Today I am heading back to DC after an extra stolen week in Kentucky with my family when James flew back to the East Coast last weekend. Even though my graduate school schedule doesn’t have the rigid hours of a lot of jobs, I still feel like vacation is ending and it is back to reality when I drive back to DC. For me, reality means reading lots of books and writing many pages. At least, hopefully many pages…. because I hear that writing a dissertation might be just a tad harder when there is a snuggly newborn in the house.
I don’t really get to read books during the semester. I mean, I read Books, Literature, Tomes of Ideas, but not books. I will spend a lot of the next couple months getting real friendly with Le Rouge et le Noir and Madame Bovary (Julien and Emma- you all were born for each other, and in my dissertation, I shall unite you at last!), but that will probably be the extent of my reading. I plow through audiobooks as I slave along to my Fitbit, but that’s not the same. There is a special magic of curling up with a book — one from which you expect nothing more than the pleasure of losing yourself for hours. My mom knows this, so every year she gives me one of my favorite Christmas gifts: a stack of wrapped library books that I request in advance, gleefully unwrap, devour in a binge of antisocial pajama-wearing on the couch, and then leave for her to return upon my departure.
And so, should you need some fluffy reading recommendations, here is Christmas by the books:
Station Eleven, Emily St. John Mandel. This book was EVERY SINGLE THING I WANTED IN A BOOK. A flu that wipes out the earth’s population in one fell swoop! A Shakespeare troupe trying to keep art alive 20 years after civilization falls! A non-linear plot! Beautiful prose! Random dogs of significance! Definitely my top recommendation from this break’s book fest.
Beautiful Ruins, Jess Walter. In general, I trust NPR on all things. But my trust is now shattered, because this book was reviewed on “Fresh Air” and the review was glowing- gushing even – only for the book to be pretty bad. I made myself finish it, and it was kind of a waste. Should have used that time to enjoy my parents’ cable and watch reruns of America’s Next Top Model. But then again, I read it right after Station Eleven, so the bar was impossibly high.
We Were Liars, E. Lockhart. My takeaway from this book: there is nothing scarier than rich kids who don’t have enough chores in the summer. Give them a lawn to mow, some neighbor kids to babysit, and the world would be a better place. But, I also devoured this book in one sitting, which says that it was nothing if not fascinating. Not sure I liked it, but I was fully engaged.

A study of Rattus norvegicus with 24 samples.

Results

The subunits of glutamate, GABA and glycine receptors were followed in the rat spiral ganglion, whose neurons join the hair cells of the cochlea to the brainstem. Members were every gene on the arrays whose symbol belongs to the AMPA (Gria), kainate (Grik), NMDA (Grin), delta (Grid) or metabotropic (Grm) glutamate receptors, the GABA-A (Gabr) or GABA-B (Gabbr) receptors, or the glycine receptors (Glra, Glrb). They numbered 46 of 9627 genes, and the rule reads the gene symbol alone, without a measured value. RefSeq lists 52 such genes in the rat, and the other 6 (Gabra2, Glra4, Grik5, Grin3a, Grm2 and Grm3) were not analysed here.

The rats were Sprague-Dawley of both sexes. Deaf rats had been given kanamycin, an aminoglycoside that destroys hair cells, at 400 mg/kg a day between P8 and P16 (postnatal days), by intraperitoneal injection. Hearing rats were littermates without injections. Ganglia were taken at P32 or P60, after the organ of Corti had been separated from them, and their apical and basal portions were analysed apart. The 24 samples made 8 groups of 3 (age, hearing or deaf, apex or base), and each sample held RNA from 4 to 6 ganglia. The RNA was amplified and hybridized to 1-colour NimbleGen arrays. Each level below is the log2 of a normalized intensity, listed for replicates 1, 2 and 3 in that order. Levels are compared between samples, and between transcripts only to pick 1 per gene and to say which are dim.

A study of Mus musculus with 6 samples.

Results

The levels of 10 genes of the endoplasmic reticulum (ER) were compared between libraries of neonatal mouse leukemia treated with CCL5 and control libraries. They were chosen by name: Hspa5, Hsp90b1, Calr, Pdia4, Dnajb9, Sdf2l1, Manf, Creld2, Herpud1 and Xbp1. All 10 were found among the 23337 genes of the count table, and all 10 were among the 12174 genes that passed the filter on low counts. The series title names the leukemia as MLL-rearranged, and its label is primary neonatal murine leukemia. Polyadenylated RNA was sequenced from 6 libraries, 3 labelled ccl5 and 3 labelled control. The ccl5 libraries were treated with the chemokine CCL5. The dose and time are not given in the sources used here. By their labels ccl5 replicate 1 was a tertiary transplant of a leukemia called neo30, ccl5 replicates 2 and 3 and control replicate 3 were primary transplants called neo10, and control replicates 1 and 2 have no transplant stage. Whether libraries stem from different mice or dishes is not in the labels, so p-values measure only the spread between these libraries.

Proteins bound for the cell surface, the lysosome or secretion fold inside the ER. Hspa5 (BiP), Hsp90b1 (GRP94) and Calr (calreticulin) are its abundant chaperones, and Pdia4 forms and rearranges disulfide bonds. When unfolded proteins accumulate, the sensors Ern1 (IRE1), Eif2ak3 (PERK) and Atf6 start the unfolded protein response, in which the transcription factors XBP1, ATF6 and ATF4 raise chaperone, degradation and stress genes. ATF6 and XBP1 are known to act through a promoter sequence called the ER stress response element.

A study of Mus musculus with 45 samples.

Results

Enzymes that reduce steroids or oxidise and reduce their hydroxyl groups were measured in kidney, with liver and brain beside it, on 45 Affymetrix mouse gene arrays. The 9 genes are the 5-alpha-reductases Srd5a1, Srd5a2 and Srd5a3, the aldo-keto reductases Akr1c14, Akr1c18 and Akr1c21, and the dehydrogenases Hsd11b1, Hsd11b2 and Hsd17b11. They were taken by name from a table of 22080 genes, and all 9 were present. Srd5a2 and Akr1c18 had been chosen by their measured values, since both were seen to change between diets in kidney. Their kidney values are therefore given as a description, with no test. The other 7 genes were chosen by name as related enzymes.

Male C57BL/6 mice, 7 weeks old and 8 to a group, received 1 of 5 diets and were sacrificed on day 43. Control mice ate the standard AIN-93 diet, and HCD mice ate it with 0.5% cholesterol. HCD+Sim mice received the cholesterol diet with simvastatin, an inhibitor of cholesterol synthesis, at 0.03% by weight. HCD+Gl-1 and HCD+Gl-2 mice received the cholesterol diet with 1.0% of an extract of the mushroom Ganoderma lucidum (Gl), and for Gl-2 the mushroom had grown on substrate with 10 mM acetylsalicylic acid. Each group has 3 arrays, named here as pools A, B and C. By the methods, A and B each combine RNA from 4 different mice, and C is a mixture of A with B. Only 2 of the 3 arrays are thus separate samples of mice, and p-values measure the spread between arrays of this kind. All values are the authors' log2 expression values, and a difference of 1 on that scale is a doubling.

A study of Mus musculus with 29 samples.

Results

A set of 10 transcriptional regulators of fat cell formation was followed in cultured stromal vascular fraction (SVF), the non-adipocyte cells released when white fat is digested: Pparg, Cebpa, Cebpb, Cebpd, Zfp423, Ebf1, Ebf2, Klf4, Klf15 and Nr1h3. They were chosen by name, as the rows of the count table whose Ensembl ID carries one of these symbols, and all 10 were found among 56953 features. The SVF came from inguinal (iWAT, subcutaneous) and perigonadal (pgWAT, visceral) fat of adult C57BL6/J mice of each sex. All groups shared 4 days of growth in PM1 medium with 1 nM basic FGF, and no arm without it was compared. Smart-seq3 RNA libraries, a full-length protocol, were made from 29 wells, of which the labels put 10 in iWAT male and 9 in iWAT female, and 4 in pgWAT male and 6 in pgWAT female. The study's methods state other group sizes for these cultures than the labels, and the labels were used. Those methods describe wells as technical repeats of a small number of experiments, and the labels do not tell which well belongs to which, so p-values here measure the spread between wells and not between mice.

We Are Called to Rise, Laura McBride. So many emotions about this book. I tend to like the every-chapter-is-a-different-narrator-and-they-will-all-converge-at-the-end thing, so I appreciated it. The ending was beautiful and emotional, and I am a sucker for anything with small children who have to act more mature than they are because the adults in their lives have screwed up royally.
A God in Ruins, Kate Atkinson. Mostly I was eager to read this because I LOVED Life After Life (from last year’s book binge), and I just wanted more Ursula Todd in my life. It was good, with a destabalizing twist at the end that left me thinking, and well written. Not the magic of Life After Life, but a noble companion novel and beautiful in its own rite. I’m also a sucker for author’s notes that reveal some truth about how the author views fiction, literature, and reality, and Atkinson delivered, which made me love the whole thing more. (For instance, and for the record, I think The Fault in Our Stars would have been just a bland book with little to distinguish it from Lurlene McDaniel’s numerous novels about dying kids finding love if it wasn’t for the Q&A with the author that came in my addition.)
The Opposite of Loneliness, Marina Keegan. I mostly wanted to read this because I was fascinated with Keegan’s story, her tragic death days after graduating from Yale, and the posthumous publication of the essays and stories she had written during undergrad. They are beautifully written, but also especially poignant and thought provoking from a young girl, who writes with the honesty of a young girl, but with an extra dose of wisdom and talent. The short stories were all depressing, proving that it is far harder to write a positive and still worthwhile one than it is to crank out a disturbing one (I’m looking at you Flannery O’Connor), but the essays were wonderful.
“I used to think printing things made them permanent, but that seems so silly now. Everything will be destroyed no matter how hard we work to create it. The idea terrifies me. I want tiny permanents. I want gigantic permanents! I want what I think and who I am captured in an anthology of indulgence I can comfortably tuck into a shelf in some labyrinthine library.” -Marina Keegan
Have you all read any of these? What are you reading now? I’m keeping a list for next year’s Christmas binge… and it’s never to early to start adding the good ones!